Scheduled to open in September with 64 new spaces

A half million dollars in provincial funding has brought the Pemberton Childcare Society (PCS) within $50,000 of its $900,000 budget for a new daycare centre.

PSC chair Stephanie Coughlin, who has been working on the project since its inception four years ago, is clearly overjoyed by province’s speedy and positive response the organization’s grant application.

"Don’t you love it?" enthused Coughlin. "I’ve heard so many positive comments. People are pumped and energized. It’s so good."

The grant application, made to the Ministry of Children and Family Development in November, was approved on Feb. 17. This money, combined with an initial grant of $350,000 from the Whistler Blackcomb Foundation, means that PSC can move forward in contracting a builder for the facility.

"In the meantime we’ve already hired an architect," says Coughlin.

Initially proposed as a 3,000 square foot building, plans designed by the Vancouver architectural firm Chandler and Associates, call for a 4,500 sq. ft. facility. The PCS is currently reviewing the design options. While many of the design elements have yet to be decided, each program will have its own outdoor spaces featuring both covered and open playground areas.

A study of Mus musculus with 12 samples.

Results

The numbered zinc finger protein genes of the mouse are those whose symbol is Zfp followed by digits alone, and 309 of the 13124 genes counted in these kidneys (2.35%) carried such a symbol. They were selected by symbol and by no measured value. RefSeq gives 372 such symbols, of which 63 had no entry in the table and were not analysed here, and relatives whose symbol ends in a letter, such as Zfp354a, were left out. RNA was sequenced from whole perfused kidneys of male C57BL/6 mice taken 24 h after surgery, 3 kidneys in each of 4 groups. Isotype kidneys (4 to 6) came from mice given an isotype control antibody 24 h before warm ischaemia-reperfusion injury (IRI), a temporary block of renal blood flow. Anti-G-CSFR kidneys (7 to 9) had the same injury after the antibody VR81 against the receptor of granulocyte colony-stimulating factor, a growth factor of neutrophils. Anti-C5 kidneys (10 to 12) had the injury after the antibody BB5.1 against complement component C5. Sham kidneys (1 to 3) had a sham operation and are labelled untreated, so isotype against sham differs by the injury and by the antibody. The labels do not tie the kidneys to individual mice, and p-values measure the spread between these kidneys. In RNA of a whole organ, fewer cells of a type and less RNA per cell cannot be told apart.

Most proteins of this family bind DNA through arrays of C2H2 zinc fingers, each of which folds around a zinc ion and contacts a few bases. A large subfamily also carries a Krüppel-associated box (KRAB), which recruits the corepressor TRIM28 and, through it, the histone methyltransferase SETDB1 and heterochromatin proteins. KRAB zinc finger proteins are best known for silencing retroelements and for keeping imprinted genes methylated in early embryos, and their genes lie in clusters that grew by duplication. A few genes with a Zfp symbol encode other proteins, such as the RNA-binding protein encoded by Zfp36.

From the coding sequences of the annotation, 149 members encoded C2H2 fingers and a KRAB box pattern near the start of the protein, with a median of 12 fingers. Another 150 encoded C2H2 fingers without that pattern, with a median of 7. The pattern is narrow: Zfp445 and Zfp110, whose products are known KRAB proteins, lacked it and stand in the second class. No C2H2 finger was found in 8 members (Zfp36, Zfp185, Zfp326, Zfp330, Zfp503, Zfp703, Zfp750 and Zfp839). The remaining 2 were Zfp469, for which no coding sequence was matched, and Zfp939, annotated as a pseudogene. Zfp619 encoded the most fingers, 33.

The new facility will house four programs providing the community with 64 new daycare spots and provide employment for up to 15 daycare workers. The centre will focus on programs aimed at children aged 11 months to six years old.

"We’re super thankful for the Whistler Blackcomb Foundation coming on when they did and to the past mayor [Elinor Warner] and council," says Coughlin, adding that the current village administration has also been supportive of the project.

The daycare is likely to be situated behind the building currently housing the public library on Cottonwood Street.

While council approved contributing the land to the society last year, there was no specific space allocated for the daycare. The actual location will be dependent on a master plan being developed for Lot 15.

"It’s a wonderful thing for our community. It demonstrates great sustainability that we will have somewhere for our children to go," said Councillor Mark Blundell.

The third term VOP councilor has been an active supporter of the project and pushed his council to contribute land to the project.

While the PCS will have to wait for the Lot 15 master plan to be accepted before breaking ground, the board won’t be idle.

"Closer to May we’ll be looking at hiring a manager to assist in program development," says Coughlin.

In the meantime, there’s still another $50,000 to raise, so fundraising will remain a priority for the organization.

MLA Joan McIntyre will make a formal cheque presentation on Friday, Mar. 3 at 10 a.m. at the building site.